In every election campaign, politicians are eager to claim historic firsts. Here are some factual milestones in Canadian federal elections.
The Secret Ballot
In 1874, legislation was passed adopting the use of the secret ballot in Canada.
Vote for Women
Women in what is now known as Canada could vote before Canadian Confederation if they owned property, but after Confederation in 1867 they were legally barred from voting. In 1917, women were allowed to vote if they met an exception for military personnel stationed abroad. "Bluebirds", nurses caring for wounded soldiers in Europe in World War I, were the first women to vote legally in a Canadian federal election. In 1918, women had the same voting rights as men in federal elections.
First Woman Member of Parliament
In 1919 women were given the right to hold public office at the federal level in Canada, and the election of 1921 was the first federal election that included female candidates. Four women ran, and Agnes MacPhail was the only one elected. For 14 years she was the only woman MP. In contrast, 64 women were elected to Parliament in the 2006 federal election.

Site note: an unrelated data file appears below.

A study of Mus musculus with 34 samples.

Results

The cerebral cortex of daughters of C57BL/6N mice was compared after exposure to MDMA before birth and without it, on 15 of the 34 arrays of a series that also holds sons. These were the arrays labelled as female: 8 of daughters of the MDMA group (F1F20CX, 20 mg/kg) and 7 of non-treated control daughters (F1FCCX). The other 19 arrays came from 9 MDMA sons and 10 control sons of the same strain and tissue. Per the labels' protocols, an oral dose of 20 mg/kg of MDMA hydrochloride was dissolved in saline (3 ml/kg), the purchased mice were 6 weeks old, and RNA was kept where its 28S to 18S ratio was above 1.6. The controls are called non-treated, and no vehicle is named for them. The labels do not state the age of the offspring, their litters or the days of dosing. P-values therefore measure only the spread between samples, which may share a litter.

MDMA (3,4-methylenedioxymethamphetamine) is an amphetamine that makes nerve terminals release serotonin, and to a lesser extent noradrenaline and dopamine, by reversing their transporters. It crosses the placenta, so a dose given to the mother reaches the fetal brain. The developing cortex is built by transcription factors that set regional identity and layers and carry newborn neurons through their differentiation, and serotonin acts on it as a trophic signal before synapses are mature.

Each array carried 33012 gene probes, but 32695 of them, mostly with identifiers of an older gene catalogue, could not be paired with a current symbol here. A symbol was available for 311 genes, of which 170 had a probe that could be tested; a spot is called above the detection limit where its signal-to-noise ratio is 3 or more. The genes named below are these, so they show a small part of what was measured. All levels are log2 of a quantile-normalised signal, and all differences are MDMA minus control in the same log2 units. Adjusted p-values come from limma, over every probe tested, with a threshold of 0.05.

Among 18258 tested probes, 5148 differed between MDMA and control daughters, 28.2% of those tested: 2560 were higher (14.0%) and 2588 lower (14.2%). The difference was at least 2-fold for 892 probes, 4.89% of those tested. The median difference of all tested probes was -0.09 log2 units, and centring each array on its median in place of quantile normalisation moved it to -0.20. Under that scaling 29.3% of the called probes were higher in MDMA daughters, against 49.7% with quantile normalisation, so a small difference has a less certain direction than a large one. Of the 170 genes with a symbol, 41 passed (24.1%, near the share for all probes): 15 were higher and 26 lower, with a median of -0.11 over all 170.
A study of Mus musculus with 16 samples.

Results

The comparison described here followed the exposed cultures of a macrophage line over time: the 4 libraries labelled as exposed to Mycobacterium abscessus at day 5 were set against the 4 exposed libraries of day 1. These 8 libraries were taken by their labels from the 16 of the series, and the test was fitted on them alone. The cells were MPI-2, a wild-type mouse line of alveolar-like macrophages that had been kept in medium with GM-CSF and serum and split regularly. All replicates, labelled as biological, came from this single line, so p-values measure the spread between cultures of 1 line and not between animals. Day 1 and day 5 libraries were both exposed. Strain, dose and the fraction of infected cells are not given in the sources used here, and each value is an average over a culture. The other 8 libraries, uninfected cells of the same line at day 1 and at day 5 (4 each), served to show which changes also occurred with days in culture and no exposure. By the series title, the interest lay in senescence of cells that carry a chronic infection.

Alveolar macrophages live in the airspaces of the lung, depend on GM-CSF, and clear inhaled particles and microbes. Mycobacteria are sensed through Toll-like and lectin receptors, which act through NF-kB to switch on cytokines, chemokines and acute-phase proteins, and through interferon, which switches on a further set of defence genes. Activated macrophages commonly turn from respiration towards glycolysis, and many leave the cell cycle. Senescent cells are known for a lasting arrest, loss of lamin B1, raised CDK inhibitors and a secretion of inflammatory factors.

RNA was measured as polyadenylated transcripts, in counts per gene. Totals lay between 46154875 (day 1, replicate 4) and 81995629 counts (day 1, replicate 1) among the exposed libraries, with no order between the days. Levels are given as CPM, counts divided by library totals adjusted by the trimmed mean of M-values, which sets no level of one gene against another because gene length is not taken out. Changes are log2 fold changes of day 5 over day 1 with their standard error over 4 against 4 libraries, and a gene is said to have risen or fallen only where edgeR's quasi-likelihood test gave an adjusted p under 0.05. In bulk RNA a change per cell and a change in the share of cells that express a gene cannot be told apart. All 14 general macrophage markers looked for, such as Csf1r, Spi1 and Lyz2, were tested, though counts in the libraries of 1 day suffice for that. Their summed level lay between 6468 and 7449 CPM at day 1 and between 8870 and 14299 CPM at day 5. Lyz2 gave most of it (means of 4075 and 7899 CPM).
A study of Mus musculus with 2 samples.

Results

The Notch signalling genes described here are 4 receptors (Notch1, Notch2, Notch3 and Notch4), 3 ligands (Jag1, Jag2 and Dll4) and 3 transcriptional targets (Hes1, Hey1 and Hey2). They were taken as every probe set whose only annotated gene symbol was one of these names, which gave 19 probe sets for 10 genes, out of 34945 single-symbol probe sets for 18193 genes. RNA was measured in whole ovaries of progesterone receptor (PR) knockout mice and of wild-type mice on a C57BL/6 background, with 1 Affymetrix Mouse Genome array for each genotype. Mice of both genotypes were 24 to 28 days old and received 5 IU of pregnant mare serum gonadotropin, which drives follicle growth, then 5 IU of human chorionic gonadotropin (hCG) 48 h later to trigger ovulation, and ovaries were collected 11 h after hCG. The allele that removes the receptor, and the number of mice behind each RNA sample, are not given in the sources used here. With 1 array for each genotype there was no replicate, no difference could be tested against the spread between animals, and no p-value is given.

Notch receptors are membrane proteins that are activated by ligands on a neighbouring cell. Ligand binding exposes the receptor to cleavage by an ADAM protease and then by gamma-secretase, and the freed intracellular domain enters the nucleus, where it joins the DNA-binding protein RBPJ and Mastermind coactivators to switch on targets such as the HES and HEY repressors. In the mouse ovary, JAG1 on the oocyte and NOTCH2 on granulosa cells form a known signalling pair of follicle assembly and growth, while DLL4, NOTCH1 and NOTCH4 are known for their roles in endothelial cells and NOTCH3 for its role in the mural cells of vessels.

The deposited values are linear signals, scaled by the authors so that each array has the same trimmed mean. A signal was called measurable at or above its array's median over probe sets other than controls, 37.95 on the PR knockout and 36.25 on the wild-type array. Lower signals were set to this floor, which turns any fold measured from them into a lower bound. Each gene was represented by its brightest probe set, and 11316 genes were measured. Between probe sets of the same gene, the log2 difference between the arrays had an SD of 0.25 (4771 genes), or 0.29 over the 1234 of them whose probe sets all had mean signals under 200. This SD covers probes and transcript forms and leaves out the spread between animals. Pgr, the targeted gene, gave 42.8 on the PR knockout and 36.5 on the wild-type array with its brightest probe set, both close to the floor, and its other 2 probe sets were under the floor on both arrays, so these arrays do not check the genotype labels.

First Chief Electoral Officer
In 1920, Colonel Oliver Mowat Biggar became Canada's first Chief Electoral Officer, an independent administrator of Canadian federal elections. The Chief Electoral Officer is appointed by a resolution of the House of Commons.
Status Indians Can Vote
By 1920, native people everywhere in Canada had the right to vote. But Status Indians had to give up their treaty rights and registered Indian status to do so. In 1960, that condition was removed from election legislation.
Voting Age Reduced to 18
In 1970, a newly revised Canada Elections Act lowered the voting age and the minimum age to be a candidate from 21 years to 18.
Party Names on the Ballot
The name of the candidate's party was first shown on election ballots in 1974.
First Woman Party Leader
Audrey McLaughlin was the first woman to lead a national Canadian political party. She became leader of the federal New Democratic Party in 1989.
Canadians Outside the Country Can Vote
In 1993 for the first time qualified voters living outside Canada were allowed to vote by special ballot in their home riding.
Homeless Allowed to Vote
In the 2000 federal election, for the first time homeless people were able to vote.
Prison Inmates Get to Vote
In 2002 the Supreme Court of Canada ruled that the section of the Canada Elections Act that prevented inmates serving sentences of more than two years from voting in federal elections was against the Canadian Charter of Rights and Freedoms. All incarcerated electors may now vote in federal elections, by-elections and referendums.